Q. What was the top IT news of 2005?
The arrival of the information age has led to increasing digitalization, dependence on IT infrastructure for commerce, and burgeoning IT costs. Today, one of the biggest challenges for CIOs is to be able to minimize costs while maintaining 99.99 per cent uptime.
The hot IT news of 2005 was virtualization technology, which was built to provide an answer for system provisioning, capacity and manageability issues. As this emerging technology matured, it brought about distinct benefits in terms of efficiency and cost savings, as well as reduced complexity in IT infrastructures.
Virtualization is no longer only delegated to separating the OS from the hardware platform. Virtualization now promises the delivery of business agility while saving costs at the application level, in other words, separating the application from the OS. And through on-demand application provisioning, IT organizations are now able to eliminate application conflicts, provide instantaneous application delivery, instantly repair damaged applications and significantly reduce testing time for application rollouts, making software operations more efficient.
What was the biggest lesson learnt in 2005?
The biggest lesson learned for Altiris was that there must be an appropriate balance between the delivery quality products and the delivery of immediate innovation.
Altiris underwent a period of significant growth in the 2005. As much as time-to-market is crucial in gaining market share and maintaining market leadership, we also recognize that our customers demand the delivery of solid, high-quality products that remain best of breed and the most innovation possible.
Whilst trying to grow the company through providing an innovative product portfolio to the market, more than ever our emphasis will be on the delivery of bullet-proof, tried and tested technology to our customers.
Which emerging technologies have the potential to enter mainstream in 2006?
Application virtualization is an emerging technology which has the potential to become mainstream in 2006. This technology has begun to deliver clear benefits to enterprises. More customers are asking for such technology in order to completely change the way enterprise software is managed.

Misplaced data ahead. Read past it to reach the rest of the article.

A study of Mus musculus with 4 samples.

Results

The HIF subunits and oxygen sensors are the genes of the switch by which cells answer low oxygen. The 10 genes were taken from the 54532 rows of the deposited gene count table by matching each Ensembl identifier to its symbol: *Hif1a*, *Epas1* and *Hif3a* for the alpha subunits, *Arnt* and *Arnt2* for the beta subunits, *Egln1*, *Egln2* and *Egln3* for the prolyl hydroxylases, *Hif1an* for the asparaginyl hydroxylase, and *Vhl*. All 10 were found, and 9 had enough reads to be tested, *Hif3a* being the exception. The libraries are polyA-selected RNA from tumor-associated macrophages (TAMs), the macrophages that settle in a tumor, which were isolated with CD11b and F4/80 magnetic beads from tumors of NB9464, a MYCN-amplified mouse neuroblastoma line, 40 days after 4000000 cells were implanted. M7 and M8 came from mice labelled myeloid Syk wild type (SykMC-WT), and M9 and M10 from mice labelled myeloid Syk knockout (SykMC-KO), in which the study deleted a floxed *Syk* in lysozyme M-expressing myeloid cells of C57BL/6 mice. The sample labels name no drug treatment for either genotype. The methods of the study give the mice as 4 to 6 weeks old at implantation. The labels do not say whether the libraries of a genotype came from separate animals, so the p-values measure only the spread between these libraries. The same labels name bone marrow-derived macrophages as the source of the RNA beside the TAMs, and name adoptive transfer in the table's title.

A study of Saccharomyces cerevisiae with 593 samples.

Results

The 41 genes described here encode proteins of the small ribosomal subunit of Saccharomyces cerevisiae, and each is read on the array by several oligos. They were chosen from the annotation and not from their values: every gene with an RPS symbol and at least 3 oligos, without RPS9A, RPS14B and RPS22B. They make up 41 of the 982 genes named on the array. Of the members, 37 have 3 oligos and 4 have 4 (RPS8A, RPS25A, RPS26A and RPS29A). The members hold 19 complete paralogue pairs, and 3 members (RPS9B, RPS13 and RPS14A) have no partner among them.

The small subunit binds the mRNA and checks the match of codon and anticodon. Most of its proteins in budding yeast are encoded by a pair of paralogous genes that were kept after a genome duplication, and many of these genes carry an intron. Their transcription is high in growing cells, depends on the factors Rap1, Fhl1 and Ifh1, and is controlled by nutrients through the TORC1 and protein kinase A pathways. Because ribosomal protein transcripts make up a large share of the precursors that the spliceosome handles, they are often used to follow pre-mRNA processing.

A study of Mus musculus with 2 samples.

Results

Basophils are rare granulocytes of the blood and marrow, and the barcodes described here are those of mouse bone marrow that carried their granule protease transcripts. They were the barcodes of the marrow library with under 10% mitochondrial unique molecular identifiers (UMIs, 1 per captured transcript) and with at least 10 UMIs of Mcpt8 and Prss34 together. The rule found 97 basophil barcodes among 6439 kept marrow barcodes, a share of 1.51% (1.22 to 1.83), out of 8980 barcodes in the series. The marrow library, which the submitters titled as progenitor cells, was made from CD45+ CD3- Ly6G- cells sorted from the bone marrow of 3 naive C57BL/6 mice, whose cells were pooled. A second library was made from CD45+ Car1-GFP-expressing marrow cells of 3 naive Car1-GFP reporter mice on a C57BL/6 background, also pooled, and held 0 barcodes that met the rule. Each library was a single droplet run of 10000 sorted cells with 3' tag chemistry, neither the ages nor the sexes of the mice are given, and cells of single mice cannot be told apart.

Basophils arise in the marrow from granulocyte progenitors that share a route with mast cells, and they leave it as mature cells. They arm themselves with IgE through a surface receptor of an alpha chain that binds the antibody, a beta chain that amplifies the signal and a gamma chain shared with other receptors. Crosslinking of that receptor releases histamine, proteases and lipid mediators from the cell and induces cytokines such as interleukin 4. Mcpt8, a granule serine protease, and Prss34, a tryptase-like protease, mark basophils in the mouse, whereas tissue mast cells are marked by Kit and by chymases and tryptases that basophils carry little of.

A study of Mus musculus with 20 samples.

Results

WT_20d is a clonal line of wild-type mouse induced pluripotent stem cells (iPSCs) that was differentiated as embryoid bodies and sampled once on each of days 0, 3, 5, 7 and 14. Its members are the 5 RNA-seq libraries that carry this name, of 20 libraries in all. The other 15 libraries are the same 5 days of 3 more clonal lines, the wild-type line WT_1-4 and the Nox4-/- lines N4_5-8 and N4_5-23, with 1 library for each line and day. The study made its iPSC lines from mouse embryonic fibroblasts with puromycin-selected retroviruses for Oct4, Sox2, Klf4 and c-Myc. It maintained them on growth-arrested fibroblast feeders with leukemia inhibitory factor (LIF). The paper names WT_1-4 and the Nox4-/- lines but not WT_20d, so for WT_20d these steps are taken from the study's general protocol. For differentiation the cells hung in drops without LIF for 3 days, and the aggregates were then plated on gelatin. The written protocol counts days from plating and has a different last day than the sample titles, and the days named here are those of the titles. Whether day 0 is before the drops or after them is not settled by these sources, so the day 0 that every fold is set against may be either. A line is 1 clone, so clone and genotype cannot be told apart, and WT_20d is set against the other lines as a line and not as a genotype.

CIOs and IT managers manage applications not only from a cost perspective, but also from availability and performance perspectives, ultimately achieving efficiency, user satisfaction and the ability to align IT goals to business goals.
Another emerging technology which will become mainstream is IT service and asset management. Applications and related infrastructure exist to deliver business value. Very few business models today could consistently outperform current competitors or new entrants, unless computing agility and efficiency are well-tuned.
Asset management is more than just managing chairs, cell phones, routers or mainframes. And, we have observed that digital assets represent more than software licenses. Physical and digital assets are strategic properties that represent powerful strengths, opportunities, and vulnerabilities. It is impossible to leverage investments in information technology without the means to locate, update, and measure asset effectiveness.
IT service and asset management technology can help unite disparate departments and processes by providing insight and relevant information for all assets within an organization. By actively managing the entire asset lifecycle, organizations can eliminate unnecessary software and hardware costs, proactively manage vendor contracts, and align service resources, within best practice frameworks like ITIL (T Infrastructure Library), to ensure optimization of IT investments.